Poll Shows Majority of Virginians Support Major Structural Reforms to Policing

Virginia—According to recent polling conducted by Public Policy Polling on behalf of Progress Virginia, there is widespread support among Virginia voters for significant reforms of policing in the commonwealth, including very strong support among younger voters and voters of color. A June 26-27th poll of 1083 registered voters found 51% support major structural reforms to policing in the commonwealth. An additional 34% believe minor reforms are needed while only 13% would not support any changes. The support for major changes has wide support from younger voters, with 70% of those 18-29 and 68% of those 30-45 years old wanting to see major structural reforms or the abolishment of police.

“This poll makes it clear that legislators need to act swiftly and boldly during the upcoming special session to make major reforms to policing in Virginia,” Anna Scholl, Executive Director of Progress Virginia, said. “Everyone deserves to be safe with the opportunity to thrive in our communities. Virginians are calling out for change because we are done seeing Black people murdered and protestors brutalized in the streets. Members of the General Assembly must take swift and bold action to not only to overhaul public safety and community investments so they support all of us, no exceptions.  ”

Support for policies includes:

  • 61% support stricter use of force policies that ban the use of chokeholds and chemical agents like tear gas 
  • 93% support mandating the use of dashboard and body cameras by police officers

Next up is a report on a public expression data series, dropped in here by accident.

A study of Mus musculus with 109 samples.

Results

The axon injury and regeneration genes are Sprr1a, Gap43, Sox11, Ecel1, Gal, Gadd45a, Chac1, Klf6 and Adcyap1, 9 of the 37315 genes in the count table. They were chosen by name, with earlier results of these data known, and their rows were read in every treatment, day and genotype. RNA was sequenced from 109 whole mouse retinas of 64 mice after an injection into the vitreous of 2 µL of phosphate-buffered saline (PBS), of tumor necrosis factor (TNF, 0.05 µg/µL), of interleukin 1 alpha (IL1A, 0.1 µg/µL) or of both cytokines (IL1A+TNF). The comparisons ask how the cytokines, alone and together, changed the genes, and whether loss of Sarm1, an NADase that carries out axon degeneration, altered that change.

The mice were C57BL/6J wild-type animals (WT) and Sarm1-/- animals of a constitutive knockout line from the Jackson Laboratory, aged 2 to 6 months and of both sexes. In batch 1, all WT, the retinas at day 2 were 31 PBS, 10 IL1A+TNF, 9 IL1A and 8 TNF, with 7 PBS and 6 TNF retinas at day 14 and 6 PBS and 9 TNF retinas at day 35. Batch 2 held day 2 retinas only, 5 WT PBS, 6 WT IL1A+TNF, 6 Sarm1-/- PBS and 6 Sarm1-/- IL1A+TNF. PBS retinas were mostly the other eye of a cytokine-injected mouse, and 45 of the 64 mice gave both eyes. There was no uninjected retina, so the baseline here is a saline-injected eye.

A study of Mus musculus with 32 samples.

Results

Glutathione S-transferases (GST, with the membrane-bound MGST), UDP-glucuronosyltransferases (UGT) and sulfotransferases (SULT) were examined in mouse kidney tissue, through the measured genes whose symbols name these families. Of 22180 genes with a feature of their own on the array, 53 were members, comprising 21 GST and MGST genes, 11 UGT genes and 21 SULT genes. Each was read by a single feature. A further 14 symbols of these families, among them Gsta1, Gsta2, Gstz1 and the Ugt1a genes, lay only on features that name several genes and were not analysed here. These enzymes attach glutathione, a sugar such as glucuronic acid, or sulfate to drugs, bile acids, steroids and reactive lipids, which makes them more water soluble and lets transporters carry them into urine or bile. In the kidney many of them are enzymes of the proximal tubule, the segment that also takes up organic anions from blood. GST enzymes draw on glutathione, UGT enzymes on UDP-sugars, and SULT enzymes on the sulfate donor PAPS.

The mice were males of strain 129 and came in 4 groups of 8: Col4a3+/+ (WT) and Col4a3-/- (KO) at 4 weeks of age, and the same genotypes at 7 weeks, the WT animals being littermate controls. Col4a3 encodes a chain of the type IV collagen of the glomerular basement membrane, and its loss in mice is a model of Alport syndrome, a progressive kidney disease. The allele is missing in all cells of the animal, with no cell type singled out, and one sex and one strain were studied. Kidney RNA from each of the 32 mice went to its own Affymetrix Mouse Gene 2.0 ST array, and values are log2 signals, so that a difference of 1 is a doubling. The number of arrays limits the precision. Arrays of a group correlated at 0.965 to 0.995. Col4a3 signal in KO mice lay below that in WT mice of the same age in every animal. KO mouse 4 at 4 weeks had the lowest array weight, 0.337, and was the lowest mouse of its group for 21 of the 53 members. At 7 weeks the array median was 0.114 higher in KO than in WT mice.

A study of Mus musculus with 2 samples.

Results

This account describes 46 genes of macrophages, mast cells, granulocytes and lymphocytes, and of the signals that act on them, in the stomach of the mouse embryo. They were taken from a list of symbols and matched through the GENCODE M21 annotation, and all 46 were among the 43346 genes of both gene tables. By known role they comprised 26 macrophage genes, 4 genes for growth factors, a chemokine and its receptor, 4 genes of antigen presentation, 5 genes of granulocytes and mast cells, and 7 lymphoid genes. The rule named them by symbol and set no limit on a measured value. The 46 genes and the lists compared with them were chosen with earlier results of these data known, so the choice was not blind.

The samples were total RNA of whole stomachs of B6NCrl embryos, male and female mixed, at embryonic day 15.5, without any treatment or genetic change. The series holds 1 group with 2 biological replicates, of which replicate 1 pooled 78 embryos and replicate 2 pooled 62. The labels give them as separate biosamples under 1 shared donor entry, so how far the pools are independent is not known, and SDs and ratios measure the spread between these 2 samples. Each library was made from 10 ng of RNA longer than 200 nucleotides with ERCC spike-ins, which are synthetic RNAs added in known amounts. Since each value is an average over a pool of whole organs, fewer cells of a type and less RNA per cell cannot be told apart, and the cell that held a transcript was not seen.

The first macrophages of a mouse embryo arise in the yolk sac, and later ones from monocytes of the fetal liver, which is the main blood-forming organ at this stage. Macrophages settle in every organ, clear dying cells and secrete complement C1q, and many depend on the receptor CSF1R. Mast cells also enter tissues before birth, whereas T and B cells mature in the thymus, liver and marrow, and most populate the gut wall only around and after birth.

• 80% support requiring independent investigations into incidents of police violence 
  • 83% support increasing police training standards, including training on bias and profiling
  • 72% support establishing uniform accountability standards for police officers, up to and including losing their job

Contrary to conservative claims and fear mongering, significant reforms including shifting first responder responsibilities and funding away from police and ending qualified immunity also enjoy positive support, although more voters need more information about these policies. 

  • +16: Margin of support for shifting first responder duties and funding away from police. Independent voters support at a margin of +18.
  • +23: Margin of support for ending the practice of qualified immunity for police, including 54% of all registered voters.
  • +17: Margin of support for establishing civilian oversight over local police departments, 53% of independent voters.
  • +9: Margin of support to stop allowing police departments to utilize military-grade supplies, including 53% of independent voters.